The temperatures were just below freezing, but that was too much for Dallas's infrastructure (wires breaking and roofs sagging). Interestingly, it was also too much for Dallas's trees, which appear to have been suited for warmer temperatures (or, more foolishly, imported from warmer origins).
900 flights with about 150 people per flight means 140,000 interrupted trips. Residents in the area are experiencing power cuts, car damage, hospitalizations, piled up garbage, and other impacts from this "unfortunate" weather.
Many cities run perfectly well at lower temperatures (Buffalo!), so why is Dallas reeling?
Because Dallas's systems (and trees!) were built to withstand a more moderate variation in weather. Extra cold causes damage because there was no preparation for extra cold.
This vignette (and some extra time) helps me see how climate change is going to cause damage, slowly and mercilessly, to our human systems.* It also bodes poorly for the ecosystems that have not experienced these extremes, which is why climate change impacts will be worse in tropical areas.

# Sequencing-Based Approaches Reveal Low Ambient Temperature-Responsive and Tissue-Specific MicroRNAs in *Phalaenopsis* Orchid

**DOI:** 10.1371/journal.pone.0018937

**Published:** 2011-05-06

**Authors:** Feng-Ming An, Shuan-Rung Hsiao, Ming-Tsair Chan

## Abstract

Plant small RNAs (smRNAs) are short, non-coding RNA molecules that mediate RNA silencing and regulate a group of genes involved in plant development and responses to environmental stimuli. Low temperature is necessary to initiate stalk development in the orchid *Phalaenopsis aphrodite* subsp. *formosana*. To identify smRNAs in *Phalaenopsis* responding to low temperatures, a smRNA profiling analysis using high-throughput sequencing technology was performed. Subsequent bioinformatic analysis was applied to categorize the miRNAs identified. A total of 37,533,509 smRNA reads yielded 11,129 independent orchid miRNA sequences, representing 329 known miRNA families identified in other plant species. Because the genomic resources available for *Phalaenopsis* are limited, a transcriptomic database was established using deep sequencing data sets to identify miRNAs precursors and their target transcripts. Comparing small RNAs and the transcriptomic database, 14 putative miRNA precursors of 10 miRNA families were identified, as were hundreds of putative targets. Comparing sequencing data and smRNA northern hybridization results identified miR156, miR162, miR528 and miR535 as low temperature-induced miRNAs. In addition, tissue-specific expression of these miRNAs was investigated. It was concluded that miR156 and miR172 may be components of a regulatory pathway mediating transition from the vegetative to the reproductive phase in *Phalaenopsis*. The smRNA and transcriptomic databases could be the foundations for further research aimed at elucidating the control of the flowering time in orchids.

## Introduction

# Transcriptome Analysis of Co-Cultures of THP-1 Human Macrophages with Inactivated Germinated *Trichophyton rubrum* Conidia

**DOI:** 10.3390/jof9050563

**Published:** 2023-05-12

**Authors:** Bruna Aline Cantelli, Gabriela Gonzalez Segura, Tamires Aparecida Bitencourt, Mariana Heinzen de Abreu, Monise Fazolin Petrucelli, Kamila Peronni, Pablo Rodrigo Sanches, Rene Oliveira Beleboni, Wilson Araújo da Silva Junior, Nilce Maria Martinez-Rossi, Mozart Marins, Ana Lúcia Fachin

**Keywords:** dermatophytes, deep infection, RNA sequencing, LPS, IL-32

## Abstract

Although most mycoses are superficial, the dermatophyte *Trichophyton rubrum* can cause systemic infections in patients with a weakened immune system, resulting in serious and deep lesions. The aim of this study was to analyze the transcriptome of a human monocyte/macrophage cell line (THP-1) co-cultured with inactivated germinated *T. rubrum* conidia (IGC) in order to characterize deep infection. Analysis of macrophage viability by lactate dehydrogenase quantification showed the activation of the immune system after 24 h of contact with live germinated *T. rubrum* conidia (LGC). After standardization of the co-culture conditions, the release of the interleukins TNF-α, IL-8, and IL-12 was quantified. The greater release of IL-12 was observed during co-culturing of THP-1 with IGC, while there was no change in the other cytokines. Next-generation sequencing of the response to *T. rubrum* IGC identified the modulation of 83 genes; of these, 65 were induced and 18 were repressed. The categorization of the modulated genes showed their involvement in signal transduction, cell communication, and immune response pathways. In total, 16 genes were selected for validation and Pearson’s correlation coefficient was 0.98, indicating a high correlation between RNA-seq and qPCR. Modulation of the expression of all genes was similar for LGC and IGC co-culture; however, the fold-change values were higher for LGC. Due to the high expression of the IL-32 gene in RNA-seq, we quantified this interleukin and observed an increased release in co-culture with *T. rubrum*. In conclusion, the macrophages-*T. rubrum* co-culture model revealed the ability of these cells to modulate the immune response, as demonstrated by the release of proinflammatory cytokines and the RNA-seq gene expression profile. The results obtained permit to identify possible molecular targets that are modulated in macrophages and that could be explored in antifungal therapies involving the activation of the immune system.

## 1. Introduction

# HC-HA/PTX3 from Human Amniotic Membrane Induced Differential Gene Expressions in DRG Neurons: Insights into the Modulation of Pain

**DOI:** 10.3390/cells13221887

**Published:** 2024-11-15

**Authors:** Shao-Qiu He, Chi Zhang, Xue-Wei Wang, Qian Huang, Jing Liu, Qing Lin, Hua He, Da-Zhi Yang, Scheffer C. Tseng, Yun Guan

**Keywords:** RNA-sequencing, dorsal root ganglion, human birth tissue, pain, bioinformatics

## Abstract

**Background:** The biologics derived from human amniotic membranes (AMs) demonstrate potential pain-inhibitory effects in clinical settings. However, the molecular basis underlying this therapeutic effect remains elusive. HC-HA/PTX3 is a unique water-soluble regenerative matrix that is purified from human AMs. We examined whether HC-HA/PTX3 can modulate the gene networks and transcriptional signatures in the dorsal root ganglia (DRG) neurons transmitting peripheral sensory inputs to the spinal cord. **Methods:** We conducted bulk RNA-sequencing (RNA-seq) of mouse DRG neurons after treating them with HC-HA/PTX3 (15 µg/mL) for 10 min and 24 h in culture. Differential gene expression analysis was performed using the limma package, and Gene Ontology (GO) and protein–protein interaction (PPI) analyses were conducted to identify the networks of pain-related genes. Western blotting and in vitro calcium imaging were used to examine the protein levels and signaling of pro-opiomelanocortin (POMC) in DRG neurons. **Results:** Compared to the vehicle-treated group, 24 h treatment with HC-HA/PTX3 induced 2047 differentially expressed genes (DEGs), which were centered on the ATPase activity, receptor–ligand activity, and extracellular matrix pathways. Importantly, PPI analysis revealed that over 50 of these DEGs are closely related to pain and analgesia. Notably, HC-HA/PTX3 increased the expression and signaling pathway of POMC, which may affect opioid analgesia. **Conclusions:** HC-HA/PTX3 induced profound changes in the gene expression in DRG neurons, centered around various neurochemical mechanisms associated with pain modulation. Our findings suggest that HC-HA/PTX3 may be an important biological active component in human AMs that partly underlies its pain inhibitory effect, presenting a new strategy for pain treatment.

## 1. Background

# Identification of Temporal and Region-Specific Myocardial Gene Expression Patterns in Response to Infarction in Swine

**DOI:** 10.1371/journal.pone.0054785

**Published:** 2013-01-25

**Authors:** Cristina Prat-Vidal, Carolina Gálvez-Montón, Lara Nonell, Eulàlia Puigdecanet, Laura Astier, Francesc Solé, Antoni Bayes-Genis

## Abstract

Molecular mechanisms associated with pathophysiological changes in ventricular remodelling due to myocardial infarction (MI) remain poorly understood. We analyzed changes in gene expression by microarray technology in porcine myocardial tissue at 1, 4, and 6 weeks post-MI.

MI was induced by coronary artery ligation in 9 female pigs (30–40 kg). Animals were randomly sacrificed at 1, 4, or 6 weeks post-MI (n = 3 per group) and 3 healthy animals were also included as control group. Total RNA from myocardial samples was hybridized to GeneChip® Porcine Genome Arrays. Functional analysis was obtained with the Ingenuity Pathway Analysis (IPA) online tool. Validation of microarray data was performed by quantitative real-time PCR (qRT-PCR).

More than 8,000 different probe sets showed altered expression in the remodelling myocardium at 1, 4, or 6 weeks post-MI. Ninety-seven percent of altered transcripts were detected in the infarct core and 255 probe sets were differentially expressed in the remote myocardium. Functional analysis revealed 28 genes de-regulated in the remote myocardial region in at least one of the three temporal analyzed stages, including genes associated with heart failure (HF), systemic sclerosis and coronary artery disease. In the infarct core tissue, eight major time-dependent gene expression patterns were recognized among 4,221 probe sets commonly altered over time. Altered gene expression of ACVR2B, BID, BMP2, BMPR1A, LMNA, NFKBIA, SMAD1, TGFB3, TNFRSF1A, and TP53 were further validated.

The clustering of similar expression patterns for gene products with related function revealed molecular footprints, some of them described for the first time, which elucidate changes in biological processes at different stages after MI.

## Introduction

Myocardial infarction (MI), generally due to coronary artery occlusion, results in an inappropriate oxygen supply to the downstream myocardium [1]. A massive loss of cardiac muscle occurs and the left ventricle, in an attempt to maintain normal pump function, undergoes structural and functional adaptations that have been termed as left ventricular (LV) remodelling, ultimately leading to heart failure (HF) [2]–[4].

We're hoping that Miami doesn't experience "record" floods :-|
Bottom Line: Spend money on adaptation now and prepare to pay more in the future, as our environment shifts onto an unknown path. Happy Friday the 13th.
*I wrote this in TEoA 1.2:
Scientists talk about a move from stationarity to non-stationarity, or a move from a pattern that’s repeating or predictable to no pattern at all. Non-stationarity means our understanding of climate is going to be less accurate, with more randomness and fewer patterns. Hundred-year floods will happen more or less often than once per century. Temperatures will vary in a greater range, even as average temperatures increase; droughts will get longer; floods grow stronger; and so on. These changes will be inconvenient and/or dangerous. At best, we will have to spend time and money on robust defenses and better responses to dangerous variation. At worst, we will face more conflict, suffering and death.